Although comprehensive immigration reform remains a pipe dream, two small victories can be declared this summer. In Arizona v. the United States, the Supreme Court struck down three out of four provisions of the Arizona immigration law of April 2010: (a) the provision making it a crime for undocumented immigrants to apply for a job or hold one, (b) the provision making it a crime for an immigrant to fail to register with the federal government and (c) the provision authorizing warrantless arrests if the police have probable cause to think a person has done something deportable under federal law.
Days before that court ruling, President Obama issued an executive order lifting the threat of deportation that has hung over young immigrants brought to the United States before the age of 16. Those 30 or younger who have lived in the country for at least five years, are in school, are high school graduates or are military veterans and have no criminal records will no longer be deported. And they will be eligible to apply for a legal work permit, renewable every two years. Unlike the Dream Act, a bill proposed repeatedly in Congress but not passed, this executive order offers immigrants no path to citizenship. Still, it allows some 800,000 young immigrants to remain in the United States and work with legal status.
We hope that the young immigrant activists, or “Dreamers,” who have worked for reform are inspired by these small wins and that fairness in the form of more far-reaching immigration reform will soon prevail.
Jobs, Jobs, Jobs
Jobs are clearly the number one concern of voters this election year. But whether or not there is a change of occupant in the White House, people are beginning to grasp that more than the government investment or tax breaks the candidates are offering will be necessary to once more give American workers a stake in the U. S. economy.
Like the piano players who lost their livelihoods to the player piano, every day men and women are being disloged by the digital revolution from productive roles in society. In their new book, Race Against the Machine, Erik Brynjolfsson and Andrew McAfee show how computerization is hollowing out the American middle class, with everyone from ticket agents to tax preparers to draftsmen, journalists and even lawyers losing jobs to machines. Unemployment and underemployment are threats not just to our standard of living, but even more to the dignity of workers. For, as Blessed John Paul II reminded us in his encyclical letter “On Human Work” (1981), labor is essential to our identity as human beings.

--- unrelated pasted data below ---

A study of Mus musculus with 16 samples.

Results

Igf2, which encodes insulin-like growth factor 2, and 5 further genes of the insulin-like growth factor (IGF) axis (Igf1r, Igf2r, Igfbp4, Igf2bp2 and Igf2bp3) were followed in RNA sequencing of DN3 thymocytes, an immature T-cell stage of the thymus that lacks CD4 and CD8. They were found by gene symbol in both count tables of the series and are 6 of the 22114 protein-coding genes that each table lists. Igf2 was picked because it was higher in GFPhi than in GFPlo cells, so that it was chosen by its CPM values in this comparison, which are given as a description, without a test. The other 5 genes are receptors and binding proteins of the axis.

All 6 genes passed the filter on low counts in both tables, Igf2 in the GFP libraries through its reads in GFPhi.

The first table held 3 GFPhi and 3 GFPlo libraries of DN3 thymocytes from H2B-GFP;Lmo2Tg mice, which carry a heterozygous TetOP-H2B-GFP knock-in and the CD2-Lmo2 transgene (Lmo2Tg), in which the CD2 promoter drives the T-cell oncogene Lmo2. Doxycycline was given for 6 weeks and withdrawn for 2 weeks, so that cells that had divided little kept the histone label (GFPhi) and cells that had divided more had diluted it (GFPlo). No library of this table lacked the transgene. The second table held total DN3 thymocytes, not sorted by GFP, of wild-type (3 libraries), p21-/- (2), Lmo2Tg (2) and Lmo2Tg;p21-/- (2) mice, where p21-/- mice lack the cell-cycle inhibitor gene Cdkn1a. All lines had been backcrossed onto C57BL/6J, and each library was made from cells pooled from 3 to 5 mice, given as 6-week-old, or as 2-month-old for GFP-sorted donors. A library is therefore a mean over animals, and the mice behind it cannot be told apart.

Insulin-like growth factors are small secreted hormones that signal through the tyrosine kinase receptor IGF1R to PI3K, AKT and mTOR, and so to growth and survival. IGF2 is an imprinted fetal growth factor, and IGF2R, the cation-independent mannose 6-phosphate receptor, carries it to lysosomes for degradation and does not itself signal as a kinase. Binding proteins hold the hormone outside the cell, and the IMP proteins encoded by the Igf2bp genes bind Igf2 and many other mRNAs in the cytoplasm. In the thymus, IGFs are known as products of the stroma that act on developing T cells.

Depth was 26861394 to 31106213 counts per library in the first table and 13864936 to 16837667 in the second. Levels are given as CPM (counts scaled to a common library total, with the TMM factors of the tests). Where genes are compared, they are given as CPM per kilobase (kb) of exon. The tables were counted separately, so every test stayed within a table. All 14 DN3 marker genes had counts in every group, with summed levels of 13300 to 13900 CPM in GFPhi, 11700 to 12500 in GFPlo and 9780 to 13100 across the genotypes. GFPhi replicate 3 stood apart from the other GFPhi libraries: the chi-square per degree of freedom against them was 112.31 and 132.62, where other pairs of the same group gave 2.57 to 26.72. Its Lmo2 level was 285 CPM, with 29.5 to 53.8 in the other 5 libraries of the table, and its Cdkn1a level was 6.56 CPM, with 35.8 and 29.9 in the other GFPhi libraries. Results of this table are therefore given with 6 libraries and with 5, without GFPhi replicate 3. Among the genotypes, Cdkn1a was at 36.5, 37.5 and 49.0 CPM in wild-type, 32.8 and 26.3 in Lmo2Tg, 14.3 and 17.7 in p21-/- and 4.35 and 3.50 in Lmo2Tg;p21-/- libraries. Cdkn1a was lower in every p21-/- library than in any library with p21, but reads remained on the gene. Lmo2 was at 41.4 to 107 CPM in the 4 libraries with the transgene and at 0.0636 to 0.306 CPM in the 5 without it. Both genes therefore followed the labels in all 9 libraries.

Whoever wins the White House, the challenges of re-engineering the economy will be enormous. Government, business and higher education must work together to promote an economic renewal that places greater worth on workers. The raw-meat capitalism of the last 30 years must be replaced by a more responsible economic system. Germany’s social market model demonstrates that capitalist systems that minimize inequality and let workers benefit from growth are feasible. An economy in which productivity and profitability grow but employment and wages shrink is neither politically nor economically sustainable.
Saying We’re Sorry
Why did it take so long for the United States to formally express regret for air strikes in November that killed 24 Pakistani soldiers? Partly, at least, because the Pentagon believed it had firm evidence that NATO forces were responding to a sustained and organized attack by the Pakistani military—where no apology was in order. But sometimes we say “sorry” to break out of a stalemate between proud wills in the interest of better relations. That is what Secretary of State Hillary Clinton did on July 3. By saying sorry, she gave a face-saving way out for Pakistan to allow the United States transit for crucial supply convoys to Afghanistan and to keep routes open for the drawdown of U.S. forces from that country in 2014.
Learning to say we are sorry is becoming increasingly necessary in U.S. foreign military policy. The apology on July 3 was an outlier precisely because the Pentagon believed the November attack was a lawful defense, not a taking of innocent life. But in an era of cross-border terrorism and counterterrorist drone warfare with noncombatant casualties, the question of how to say sorry for military errors will remain a difficult one for global leaders.
Many innocents have already been caught in the crossfire of the war on terror. If the United States seeks to wage warfare from afar, then it should be clear about the damage incurred and should take responsibility for its mistakes in judgment that result in civilian deaths.
The art of apology is a delicate one. Global leaders may reasonably differ on how it should be applied. Sometimes a call to offer condolences may be preferable to a formal apology. Saying sorry should not be seen as a sign of weakness, but as an inescapable element of statecraft today.